After the Miami Herald ran a bombshell exposé on disgraced billionaire Jeffrey Epstein’s sex crimes on Wednesday, a New York federal judge released a transcript showing an effort to keep the paper from learning about another accuser’s case.
The Herald’s three-part investigative series “Perversion of Justice” reported that President Donald Trump’s Secretary of Labor Alexander Acosta – whose agency monitors human trafficking – helped Epstein’s star-studded defense team land their client a sweetheart plea deal that protected his co-conspirators, kept him out of federal prison, and hid the details of the deal from dozens of alleged victims.
A decade before becoming a Trump cabinet member, Acosta had been Epstein’s federal prosecutor, and the series suggests an extensive cover-up from the financier’s powerful associates in the political and legal worlds ripe for exposure in the #MeToo era.
As the Herald went to print this morning, U.S. Magistrate Judge Sarah Netburn released a transcript from a hearing earlier this month in a sex-trafficking lawsuit involving one of the accusers not mentioned in their series: Barcelona-based accuser Sarah Ransome.
“So, I have a series of letters from the parties regarding the dispute over the confidentiality order,” Netburn began the Nov. 7 telephone conference.
Attorneys for Epstein’s associate Ghislaine Maxwell, a British-born socialite accused of organizing his underage sex parties, sought a protective order covering information about “sexual activity or sexual contact.”
Ransome’s attorney Sigrid McCawley, from the powerhouse law firm Boies Schiller & Flexner, thought the language far too broad.
“The concern I have with the broadbrush of sexual activity is that the case we brought is obviously in violation under the Sexual Trafficking Act, so it would encompass essentially everything that’s going to transpire in the case,” McCawley warned the judge.
Before stepping forward to the New York Times, Ransome filed her lawsuit anonymously as Jane Doe 43, but her attorney McCawley clarified that her client did not have many confidentiality concerns since coming out publicly as one of Epstein’s accusers.
“And while that – there may be a way to modify that, for example, sexual activity as it relates to minors or something in that regard if we are going to have a witness who was abused by, or allegedly abused by the defendants when they were underage, I will be willing to talk about something like that would cover or protect from that issue,” McCawley said. “But to have a very broad definition of any sexual activity would – you know, everything we would be filing would be almost entirely under seal.”
Telling McCawley “your point is well taken,” Judge Netburn agreed that “very little would be authorized to be filed under seal” that would be relevant to an issue for her ruling.
“Right now, we’re really talking about discovery and exchanging information, and I think it’s reasonable for non-parties especially, but even parties, to, you know, to disclose information without a fear that it’s going to be passed to the New York Times,” Netburn added.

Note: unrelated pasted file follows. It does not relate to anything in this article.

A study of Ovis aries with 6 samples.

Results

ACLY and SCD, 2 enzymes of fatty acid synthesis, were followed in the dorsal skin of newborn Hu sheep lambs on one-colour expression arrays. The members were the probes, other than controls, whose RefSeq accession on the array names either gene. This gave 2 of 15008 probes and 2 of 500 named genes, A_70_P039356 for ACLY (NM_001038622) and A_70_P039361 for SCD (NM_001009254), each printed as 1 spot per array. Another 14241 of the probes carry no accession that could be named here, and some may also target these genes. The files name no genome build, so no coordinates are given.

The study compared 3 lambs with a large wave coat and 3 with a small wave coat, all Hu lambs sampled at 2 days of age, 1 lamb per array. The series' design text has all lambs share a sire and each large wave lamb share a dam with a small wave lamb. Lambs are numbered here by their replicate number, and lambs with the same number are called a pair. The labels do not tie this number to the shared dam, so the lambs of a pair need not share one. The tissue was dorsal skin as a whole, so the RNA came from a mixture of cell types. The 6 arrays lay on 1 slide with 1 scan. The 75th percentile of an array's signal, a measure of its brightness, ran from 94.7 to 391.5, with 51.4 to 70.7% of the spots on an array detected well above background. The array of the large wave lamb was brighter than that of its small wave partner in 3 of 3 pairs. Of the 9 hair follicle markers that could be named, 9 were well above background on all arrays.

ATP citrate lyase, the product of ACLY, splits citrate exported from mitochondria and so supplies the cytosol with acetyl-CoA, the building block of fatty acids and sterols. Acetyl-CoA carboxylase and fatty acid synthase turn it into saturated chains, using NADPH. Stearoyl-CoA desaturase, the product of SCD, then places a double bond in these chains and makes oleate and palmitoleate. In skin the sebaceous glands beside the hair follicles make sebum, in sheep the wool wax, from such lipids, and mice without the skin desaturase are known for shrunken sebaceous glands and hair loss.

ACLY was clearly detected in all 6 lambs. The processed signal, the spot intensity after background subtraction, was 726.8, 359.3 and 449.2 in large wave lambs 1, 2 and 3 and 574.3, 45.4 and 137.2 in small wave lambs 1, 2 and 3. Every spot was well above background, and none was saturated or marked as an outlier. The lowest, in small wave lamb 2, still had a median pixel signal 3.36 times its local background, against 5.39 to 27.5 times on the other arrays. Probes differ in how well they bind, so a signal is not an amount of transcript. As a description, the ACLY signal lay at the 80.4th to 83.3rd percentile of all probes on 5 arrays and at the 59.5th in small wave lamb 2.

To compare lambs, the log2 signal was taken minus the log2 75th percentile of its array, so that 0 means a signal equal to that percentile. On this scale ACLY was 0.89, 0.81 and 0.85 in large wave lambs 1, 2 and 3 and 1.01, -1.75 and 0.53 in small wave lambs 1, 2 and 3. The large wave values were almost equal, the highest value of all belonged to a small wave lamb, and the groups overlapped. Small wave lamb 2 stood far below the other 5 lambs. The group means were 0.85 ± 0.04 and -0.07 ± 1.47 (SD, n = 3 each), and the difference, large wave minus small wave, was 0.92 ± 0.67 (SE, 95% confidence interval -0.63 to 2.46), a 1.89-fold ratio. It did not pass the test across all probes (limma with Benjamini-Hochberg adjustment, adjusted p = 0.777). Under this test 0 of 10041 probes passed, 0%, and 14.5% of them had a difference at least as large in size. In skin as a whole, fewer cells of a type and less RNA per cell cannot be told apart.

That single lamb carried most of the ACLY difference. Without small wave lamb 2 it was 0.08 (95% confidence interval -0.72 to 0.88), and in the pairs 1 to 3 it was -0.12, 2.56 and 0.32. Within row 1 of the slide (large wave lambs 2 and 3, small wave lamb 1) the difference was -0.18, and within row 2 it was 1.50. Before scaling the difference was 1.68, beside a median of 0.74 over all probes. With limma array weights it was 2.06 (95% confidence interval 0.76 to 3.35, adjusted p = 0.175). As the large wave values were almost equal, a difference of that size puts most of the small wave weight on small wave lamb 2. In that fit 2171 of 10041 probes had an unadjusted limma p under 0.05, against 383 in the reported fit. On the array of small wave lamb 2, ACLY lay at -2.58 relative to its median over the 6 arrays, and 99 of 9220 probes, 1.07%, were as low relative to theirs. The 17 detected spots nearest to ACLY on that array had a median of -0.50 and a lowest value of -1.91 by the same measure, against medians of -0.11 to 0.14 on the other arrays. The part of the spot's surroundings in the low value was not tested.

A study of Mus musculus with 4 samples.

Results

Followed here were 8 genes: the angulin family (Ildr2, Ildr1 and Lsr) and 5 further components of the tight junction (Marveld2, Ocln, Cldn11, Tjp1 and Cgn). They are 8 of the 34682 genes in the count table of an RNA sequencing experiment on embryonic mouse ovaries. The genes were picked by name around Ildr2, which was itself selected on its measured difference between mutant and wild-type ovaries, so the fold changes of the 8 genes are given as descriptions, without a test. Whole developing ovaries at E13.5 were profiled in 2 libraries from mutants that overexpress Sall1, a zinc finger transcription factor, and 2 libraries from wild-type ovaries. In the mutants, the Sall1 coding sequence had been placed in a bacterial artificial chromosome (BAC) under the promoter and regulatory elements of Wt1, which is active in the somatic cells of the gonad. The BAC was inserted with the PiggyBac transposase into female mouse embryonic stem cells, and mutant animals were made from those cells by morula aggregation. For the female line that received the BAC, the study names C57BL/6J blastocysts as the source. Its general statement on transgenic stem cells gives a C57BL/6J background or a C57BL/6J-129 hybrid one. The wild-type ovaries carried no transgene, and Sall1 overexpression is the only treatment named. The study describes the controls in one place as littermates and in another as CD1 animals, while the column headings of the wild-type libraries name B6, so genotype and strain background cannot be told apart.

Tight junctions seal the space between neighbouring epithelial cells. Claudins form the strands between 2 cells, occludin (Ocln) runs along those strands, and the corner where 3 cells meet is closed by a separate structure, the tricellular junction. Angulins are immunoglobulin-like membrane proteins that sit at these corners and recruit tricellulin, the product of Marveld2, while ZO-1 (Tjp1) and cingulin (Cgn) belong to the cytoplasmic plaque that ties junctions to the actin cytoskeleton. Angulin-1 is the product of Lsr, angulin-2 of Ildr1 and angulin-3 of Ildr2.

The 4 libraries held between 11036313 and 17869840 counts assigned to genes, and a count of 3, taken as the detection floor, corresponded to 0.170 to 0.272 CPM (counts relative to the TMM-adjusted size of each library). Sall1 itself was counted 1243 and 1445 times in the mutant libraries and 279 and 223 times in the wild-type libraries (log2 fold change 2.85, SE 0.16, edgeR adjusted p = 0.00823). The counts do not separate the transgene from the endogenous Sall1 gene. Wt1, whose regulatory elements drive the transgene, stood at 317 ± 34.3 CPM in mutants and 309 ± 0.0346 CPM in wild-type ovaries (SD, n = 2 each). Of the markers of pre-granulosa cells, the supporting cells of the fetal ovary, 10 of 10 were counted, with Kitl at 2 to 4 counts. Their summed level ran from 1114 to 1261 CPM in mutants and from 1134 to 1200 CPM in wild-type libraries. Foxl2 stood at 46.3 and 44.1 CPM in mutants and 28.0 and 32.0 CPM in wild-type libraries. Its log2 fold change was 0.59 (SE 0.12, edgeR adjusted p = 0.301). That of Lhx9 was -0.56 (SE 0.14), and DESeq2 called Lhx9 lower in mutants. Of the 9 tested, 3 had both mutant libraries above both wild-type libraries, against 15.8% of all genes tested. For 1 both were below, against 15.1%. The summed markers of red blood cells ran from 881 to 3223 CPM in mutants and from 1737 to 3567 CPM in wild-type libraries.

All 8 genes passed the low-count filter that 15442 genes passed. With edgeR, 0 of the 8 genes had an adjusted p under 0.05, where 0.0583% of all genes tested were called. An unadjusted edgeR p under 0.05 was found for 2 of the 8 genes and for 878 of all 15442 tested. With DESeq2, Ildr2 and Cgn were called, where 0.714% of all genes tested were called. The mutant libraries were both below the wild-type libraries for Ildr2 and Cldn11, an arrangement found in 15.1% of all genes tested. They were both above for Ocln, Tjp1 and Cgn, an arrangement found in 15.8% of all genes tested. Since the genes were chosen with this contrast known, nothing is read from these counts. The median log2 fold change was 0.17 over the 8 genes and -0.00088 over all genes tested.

The hearing transcript reveals that the newspaper Maxwell’s legal team feared most had been the Herald, which unsuccessfully sought to unseal documents in a different case in the same court involving another accuser: Virginia Giuffre, who called herself Epstein’s former “sex slave.”
In August, U.S. District Judge Robert Sweet denied the Herald’s request to unseal documents “given the highly sensitive nature of the underlying allegations.”
“Documents designated confidential included a range of allegations of sexual acts involving plaintiff and non-parties to this litigation, some famous, some not,” Sweet wrote in a 41-page opinion currently under appeal in the Second Circuit.
Born Virginia Roberts, the 35-year-old Giuffre claimed that Maxwell recruited her from Trump’s Mar-a-Lago to work as Epstein’s masseuse. She wrote in an affidavit subsequently stricken from the court record that Epstein lent her out to his attorney Alan Dershowitz and Prince Andrew, who denied the allegations.
Guiffre’s case entered into a confidential settlement in May 2017.
Maxwell’s attorney Laura Menninger, from the firm Haddon, Morgan and Foreman, noted that the Herald has not stopped fighting to pry open that case’s docket in the Second Circuit.
“The Miami Herald, who I now have been observing by their reporter as of yesterday, is writing a story about this – about Ms. Giuffre’s a case and has introduced Ms. Giuffre,” Menninger said at the Nov. 7 conference.
After the telephone conference, Netburn agreed to designate as confidential any information reflecting “sexual activity or sexual contact,” but she warned that that order only applies to the discovery process.
“The parties are reminded that this protective order is primarily for the purpose of disclosures among the parties,” the judge said. “The fact that the parties have determined that particular information is confidential under a protective order, does not mean that it will be filed under seal when submitted to the court for purposes of a judicial determination.”
During the Nov. 7 telephone conference, Netburn warned the parties that anyone who violates confidentiality would be held in contempt.
“You know, I’m not sure that any wordsmithing that we’re going to do here with respect to the destruction of electronic documents is going to be more powerful than the fact that I will hold the party in contempt if they violate any of the terms of the protective order,” she said at the time.
Attorneys for Ransome, Epstein and Maxwell did not immediately respond Wednesday to email requests for comment.